Washington, DC - On April 26, 1996, the UN Security Council voted - 13 to 0 with Russia and China abstaining - to impose diplomatic sanctions against the Sudan. Sudan had passed the deadline for handing over three suspects in the attempted assassination of Egyptian President Mubarak; Sudan is allegedly harboring the suspects. The sanctions included reducing the number of Sudanese diplomats in a country, departure of terrorist groups with headquarters in Sudan and banning of international conferences in the Sudan.
The sanctions were milder than the U.S., Britain and Ethiopia had hoped for. Egypt, who at first had pressed for harsher sanctions, backed down in the end, saying economic sanctions would make the Sudanese suffer and an arms embargo would endanger the unity of the Sudan. Egypt would not like to see an independent Southern Sudan controlling the waters of the Nile on which Egypt is so dependent.
The Security Council gave the Sudan two weeks to turn over the suspects. After this the sanctions went into effect, to be reviewed in two months' time if the suspects are still not handed over. This will be early July.
Russia and China abstained because they feel sanctions on the Sudan is one embargo too many. They, plus others, including Iran, and Syria, have stated they will not adhere to that part of he sanctions which asks governments to reduce the number of Sudanese diplomats in their country.
Sudan has said the sanctions are inconvenient but not crippling. It has also said it will screen foreign organizations based in the Sudan.
The Civil War
1. The war can no longer be called "the war in the South."
It has spread to the Nuba Mountains for some time now. And there are recent reports that the Sudan Allied Forces (SAF), one of the military wings of the National Democratic Alliance (NDA), has launched attacks in the North, near the town of Kassala. The SAF is a splinter group of former Sudanese army troops who escaped Sudan after the '89 coup. 2. Several of the SPLA factions (headed by Riek Machar, Kerubino Kwanyin Bol,) have signed a "political charter" with Khartoum; it is supposed to be the initiation of a peace process.
Most analysts are not taking the charter seriously. It has been denounced by Garang as a "sell-out". (Garang has been joined by another splinter faction, headed by John Luc.) surprisingly, the charter has gained support from Joseph Lagu, a former vice-president under Nimeiri, who had been living outside Sudan for the last three years. He still commands some support in the South, especially his home region of Equatoria. He has just returned to the Sudan. 3. The situation in the Nuba Mountains continues to worsen. It is not considered the "South" and is therefore not eligible for OLS (Operation Lifeline Sudan) relief. Reports of atrocities continue - villages burned and looted, people rounded up into "peace camps"which are more like concentration camps, land taken over by mechanized framing - but because very few people have access to the Nuba Mountains, hard evidence is difficult to come by.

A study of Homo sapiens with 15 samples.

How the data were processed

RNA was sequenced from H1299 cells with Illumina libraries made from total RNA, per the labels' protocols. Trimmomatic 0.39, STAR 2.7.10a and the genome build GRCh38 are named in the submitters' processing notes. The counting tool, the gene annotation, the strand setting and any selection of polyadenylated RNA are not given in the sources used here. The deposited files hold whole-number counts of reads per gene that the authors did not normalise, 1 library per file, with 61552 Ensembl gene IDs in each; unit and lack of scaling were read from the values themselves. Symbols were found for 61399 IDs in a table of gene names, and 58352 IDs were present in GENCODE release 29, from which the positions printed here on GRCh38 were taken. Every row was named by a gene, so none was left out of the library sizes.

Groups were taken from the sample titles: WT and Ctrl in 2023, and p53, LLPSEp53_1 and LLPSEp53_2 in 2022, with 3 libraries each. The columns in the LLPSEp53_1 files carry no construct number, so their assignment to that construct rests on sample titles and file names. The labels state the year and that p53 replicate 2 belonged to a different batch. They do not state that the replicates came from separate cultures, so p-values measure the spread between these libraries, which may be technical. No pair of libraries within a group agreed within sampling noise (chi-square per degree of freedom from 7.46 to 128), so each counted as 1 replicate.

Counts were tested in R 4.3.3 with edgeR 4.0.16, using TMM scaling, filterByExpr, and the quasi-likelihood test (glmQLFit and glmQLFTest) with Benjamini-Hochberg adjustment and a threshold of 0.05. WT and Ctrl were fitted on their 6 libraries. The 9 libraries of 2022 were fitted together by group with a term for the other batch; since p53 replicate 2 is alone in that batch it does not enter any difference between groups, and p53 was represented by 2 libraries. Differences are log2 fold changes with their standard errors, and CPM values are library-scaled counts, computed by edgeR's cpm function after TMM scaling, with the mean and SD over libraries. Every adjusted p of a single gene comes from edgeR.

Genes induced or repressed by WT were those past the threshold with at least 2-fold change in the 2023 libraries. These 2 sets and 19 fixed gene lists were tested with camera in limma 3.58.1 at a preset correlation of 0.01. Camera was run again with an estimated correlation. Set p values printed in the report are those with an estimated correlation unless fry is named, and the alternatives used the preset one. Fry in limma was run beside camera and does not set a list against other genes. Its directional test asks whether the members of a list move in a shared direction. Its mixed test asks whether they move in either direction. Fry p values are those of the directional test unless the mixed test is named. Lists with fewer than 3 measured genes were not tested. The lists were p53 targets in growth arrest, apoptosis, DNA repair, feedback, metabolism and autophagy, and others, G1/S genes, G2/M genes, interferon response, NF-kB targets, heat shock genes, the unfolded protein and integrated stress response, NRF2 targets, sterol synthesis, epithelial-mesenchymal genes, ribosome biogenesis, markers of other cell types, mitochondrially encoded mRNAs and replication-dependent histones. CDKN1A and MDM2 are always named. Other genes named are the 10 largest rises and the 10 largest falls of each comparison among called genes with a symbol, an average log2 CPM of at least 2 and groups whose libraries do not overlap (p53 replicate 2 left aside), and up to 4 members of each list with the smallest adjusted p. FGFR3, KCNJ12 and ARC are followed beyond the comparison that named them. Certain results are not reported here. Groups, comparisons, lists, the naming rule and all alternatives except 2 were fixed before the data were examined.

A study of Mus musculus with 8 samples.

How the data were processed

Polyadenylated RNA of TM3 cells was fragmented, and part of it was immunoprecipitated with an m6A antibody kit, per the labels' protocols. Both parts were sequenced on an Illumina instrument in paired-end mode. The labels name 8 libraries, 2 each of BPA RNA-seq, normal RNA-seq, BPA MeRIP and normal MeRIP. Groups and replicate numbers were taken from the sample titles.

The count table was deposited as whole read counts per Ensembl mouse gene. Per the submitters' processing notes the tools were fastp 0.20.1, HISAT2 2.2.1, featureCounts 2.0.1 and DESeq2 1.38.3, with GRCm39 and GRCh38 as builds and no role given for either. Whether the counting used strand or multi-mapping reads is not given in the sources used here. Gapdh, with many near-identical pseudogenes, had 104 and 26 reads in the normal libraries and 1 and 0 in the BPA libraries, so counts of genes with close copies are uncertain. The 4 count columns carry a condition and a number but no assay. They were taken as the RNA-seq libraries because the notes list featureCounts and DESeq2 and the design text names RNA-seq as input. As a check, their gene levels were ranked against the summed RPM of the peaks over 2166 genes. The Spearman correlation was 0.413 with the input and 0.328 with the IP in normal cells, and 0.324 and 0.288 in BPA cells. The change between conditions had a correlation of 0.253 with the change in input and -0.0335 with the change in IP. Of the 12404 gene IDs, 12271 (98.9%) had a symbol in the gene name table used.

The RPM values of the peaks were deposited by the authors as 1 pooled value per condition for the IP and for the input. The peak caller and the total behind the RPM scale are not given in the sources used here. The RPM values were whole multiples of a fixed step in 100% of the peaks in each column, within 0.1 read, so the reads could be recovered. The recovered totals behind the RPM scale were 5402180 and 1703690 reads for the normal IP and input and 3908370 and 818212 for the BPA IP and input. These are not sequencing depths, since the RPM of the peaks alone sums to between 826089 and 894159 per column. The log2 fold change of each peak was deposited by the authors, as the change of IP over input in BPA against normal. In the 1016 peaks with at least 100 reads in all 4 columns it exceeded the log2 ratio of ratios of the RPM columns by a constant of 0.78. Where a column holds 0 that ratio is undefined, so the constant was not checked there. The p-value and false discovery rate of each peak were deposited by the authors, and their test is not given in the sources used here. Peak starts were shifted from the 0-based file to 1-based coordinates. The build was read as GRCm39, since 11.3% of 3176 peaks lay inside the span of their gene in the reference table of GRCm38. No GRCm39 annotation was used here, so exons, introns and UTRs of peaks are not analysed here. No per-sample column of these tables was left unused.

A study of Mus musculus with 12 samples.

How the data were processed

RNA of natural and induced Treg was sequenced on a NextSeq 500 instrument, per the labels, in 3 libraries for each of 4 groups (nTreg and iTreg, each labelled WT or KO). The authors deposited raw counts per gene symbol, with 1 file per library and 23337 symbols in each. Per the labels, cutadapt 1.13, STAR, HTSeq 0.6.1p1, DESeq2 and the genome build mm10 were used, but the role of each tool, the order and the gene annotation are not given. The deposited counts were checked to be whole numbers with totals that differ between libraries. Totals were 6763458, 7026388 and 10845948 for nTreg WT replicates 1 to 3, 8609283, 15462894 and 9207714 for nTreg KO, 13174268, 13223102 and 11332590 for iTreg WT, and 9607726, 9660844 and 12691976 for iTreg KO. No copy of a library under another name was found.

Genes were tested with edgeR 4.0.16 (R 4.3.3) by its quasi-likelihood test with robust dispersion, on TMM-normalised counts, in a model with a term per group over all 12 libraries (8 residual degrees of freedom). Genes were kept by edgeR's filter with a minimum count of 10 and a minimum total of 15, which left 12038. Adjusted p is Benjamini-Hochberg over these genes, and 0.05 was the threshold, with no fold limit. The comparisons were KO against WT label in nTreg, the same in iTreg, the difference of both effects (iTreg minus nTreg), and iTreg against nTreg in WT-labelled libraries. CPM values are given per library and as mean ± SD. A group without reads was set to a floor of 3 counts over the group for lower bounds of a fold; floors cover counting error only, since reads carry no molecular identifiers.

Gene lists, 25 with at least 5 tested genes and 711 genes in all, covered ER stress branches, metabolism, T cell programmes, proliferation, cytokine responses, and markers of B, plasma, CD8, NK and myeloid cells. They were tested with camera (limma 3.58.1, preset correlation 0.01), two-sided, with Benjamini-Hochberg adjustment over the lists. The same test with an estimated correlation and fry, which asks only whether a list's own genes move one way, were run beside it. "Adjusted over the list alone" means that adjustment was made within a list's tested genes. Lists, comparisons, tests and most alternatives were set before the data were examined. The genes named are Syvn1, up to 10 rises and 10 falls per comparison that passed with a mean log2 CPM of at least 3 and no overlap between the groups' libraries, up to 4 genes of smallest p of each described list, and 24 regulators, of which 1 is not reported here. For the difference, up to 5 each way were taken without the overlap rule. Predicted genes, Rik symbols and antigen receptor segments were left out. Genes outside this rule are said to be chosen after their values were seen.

One issue which perhaps needs more emphasis and which affects the Nuba, the SPLA and the northern opposition is the question of land.
For ordinary people in the South and the marginalised areas of the North, one of the main reasons why they are fighting is because of land. People became fed up with government officials and merchants seizing their ancestral lands; they took up arms to defend what was rightfully theirs.
Even before the recent atrocities, there has been a history of land confiscation. And to make matters worse, the land is being confiscated by rich merchants who use mechanized farming. It is well documented that mechanical cultivation rapidly degrades the topsoil, making the land vulnerable to wind erosion. Commercial farmers (mostly NIF supporters) are given 25-year leases on the land; the farmers exploit the land ruthlessly so that after a few years the land is so degraded that it is unusable. This has happened already in the North.
The government has been redistributing land to reward its followers.
The issue of land, along with the issues of sharia law and self- determination, will have to be dealt with in any peace negotiations.
In early May an IMF team spent a week in the Sudan. A report will be issued later on Sudan's economy in the period between January and April.
Relations with the IMF have been difficult for a decade because of Sudan's failure to pay arrears which have now reached $1.7 billion.
Relations took a turn for the better last year when Khartoum began to make a token payment of $4 million per month as a sign of good will.
The talks ended without a debt arrears pact. The IMF is expected to discuss its relations with Sudan at a meeting in August.
For more information, contact the Africa Faith and Justice Network, a group of people of faith working towards positive change for the peoples of Africa, at PO Box 29378, Washington DC 20017; telephone 202 832 3412; fax 202 832 9051; e-mail email@example.com.